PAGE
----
Higher Education Executive, Ben Corpus, on How Covid Learning Gaps Will Be Revealed
In March of 2020, schools shut down across the country and moved to distance learning on the fly. Given it was accompanied by a recession, lost jobs, social isolation, and racial strife resulting in protests across America, education took a back seat.
Dr. Ben Corpus is a higher education executive with more than 24 years of proven enrollment management, strategic planning, diversity, and student affairs experience in several unique colleges and universities.
In this article, Dr. Corpus comments on how the residual effects of the Covid-19 pandemic are revealing significant learning gaps in the U.S. education system, thus shedding a much-needed spotlight on academic morass.
The Dire Reality
During the first half of 2020, absenteeism in schools was rampant. Not being on task, specifically in math, leads to decreased achievement, stunted progress to the next level, and lower grades. Studies have proven that when there is no attendance, there is no progress. For example, eighth-grade performance, as measured by grades, dropped significantly as the number of days missed increased dramatically.
The impact beyond the eighth grade is dire. According to McKinsey, high school dropout rates are predicted to increase to about 232,000 students in grades 9 to 11, particularly among low-income students due to Covid.
While many schools provide grade forgiveness of all sorts, parents and students should know long-term excellence and progress can't rely strictly on a hand-out.
We need you, and you can't fake it. The skills required for crucial in-demand careers require a steady progression of building blocks, specifically in math.
The building blocks aren't just courses to check-off; they include personal cognitive development and math fluency that comes only with regular practice, some trial and error, and intellectual grit. A student's part in actively getting back on track can't be underestimated.
Over the next decade, tech jobs will sky-rocket by 15%, far better than the projected overall U.S. employment job growth. Approximately 70% of U.S. employers have a tech talent shortage and rank engineers, cybersecurity experts, network administrators, computer scientists, and IT support as the top five job types that are the most difficult to hire.
Stop Wasting Time
Now is the time to use those extra hours found not commuting, hanging out at fast-food joints, or, sadly, working that part-time job. The variety of online learning options are easy to find, and many have only improved over the last year.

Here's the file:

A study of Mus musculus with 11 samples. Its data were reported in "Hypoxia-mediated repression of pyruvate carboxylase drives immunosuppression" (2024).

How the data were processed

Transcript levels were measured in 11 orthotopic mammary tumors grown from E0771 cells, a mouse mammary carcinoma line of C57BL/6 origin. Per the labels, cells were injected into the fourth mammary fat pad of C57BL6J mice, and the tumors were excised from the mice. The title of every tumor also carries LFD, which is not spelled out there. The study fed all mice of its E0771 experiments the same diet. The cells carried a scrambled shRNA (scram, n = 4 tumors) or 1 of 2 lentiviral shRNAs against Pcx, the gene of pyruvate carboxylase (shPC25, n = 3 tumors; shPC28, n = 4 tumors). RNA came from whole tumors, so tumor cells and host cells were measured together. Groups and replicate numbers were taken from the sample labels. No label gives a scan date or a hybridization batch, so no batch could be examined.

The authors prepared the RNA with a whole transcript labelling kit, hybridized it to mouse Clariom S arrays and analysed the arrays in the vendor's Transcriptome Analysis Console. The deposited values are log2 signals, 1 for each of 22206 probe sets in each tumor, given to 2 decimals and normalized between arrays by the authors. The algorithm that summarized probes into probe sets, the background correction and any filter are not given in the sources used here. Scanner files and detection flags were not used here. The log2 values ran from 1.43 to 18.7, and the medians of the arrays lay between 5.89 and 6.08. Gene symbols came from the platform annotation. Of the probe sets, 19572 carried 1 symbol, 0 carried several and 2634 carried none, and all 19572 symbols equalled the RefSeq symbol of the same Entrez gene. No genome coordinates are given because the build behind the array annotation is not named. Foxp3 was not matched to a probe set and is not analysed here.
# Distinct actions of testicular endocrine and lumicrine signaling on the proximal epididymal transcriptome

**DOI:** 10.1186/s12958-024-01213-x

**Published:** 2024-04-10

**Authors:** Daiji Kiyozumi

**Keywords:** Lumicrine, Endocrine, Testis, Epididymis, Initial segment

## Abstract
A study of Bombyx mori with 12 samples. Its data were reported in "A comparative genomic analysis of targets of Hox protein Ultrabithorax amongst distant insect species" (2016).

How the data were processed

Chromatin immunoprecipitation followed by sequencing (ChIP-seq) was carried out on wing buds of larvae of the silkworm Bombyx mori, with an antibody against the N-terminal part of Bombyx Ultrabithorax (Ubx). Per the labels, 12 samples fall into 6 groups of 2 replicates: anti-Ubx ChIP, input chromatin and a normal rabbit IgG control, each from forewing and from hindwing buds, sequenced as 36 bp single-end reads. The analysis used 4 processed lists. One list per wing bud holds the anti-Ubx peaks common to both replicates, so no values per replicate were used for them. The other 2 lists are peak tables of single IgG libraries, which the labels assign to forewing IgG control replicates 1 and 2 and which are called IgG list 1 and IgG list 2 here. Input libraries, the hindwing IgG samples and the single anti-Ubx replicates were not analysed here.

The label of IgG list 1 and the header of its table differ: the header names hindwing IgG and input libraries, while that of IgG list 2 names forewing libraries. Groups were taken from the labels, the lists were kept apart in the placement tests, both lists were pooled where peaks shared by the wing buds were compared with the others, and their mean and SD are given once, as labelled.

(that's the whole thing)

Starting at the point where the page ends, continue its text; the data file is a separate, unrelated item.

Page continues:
Content may be Googlebiquitous (your welcome), but you'll make the most progress through human interactions and learning from people who can give you direct feedback on your progress, or lack thereof.
Find experts and talk through your specific academic gaps to jolt you back in place, resolve the concepts that have had a death-grip on your progress, or simply to catapult you to a higher grade that will not only jump you to the next level but will help prepare you for that job-in-waiting.
One specific place to turn as a high school or college student is Knack. This innovative company developed an online platform that I would call the Uber for learning. It takes you where you want to go, when you want to go, by "drivers" who've been in your seat and are almost expert in content.
University Students Give Back
Florida Polytechnic University embarked on the first in-person, online math-talent-for-hire in Florida by connecting with AP calculus teachers to help their students catch-up and get ahead. University students, well on their way past Calc III to discrete math and differential equations, provided evening and weekend online sessions with high school students to fill gaps, help with homework, prepare them for exams and connect on a critically important element of learning: to have face-to-face conversations with peers.
These outfits and opportunities are available in many forms, with many students. College and high school students are anxious to connect, to help, to give back, and to share their love of learning and their recognition of the relevance of math.
Florida Poly students are fully aware that not only are tomorrow's jobs waiting for them, but their capacity to make a difference, innovate and advance society rests with them.
If your son or daughter, or you are in school, no matter what grade, you must actively engage right now in additional face-to-face connections that will challenge, support, and guide you toward mathematical proficiency, from student peers who are ready and willing to share their love of math.
About Ben Corpus
Ben Corpus is a higher education executive and consultant with more than 20 years of proven admissions, financial aid, strategic planning, diversity, and student affairs experience. Currently, Dr. Corpus is the Vice Provost for Enrollment at Florida Polytechnic University, Florida's most selective public STEM university. He was also Vice Provost for Enrollment Management at the University of Texas at Austin, Vice President for Enrollment Management & Student Affairs at Baruch College, Vice President for Enrollment and Student Affairs at Hostos Community College, and Chief of Staff to the President at Plattsburgh State University.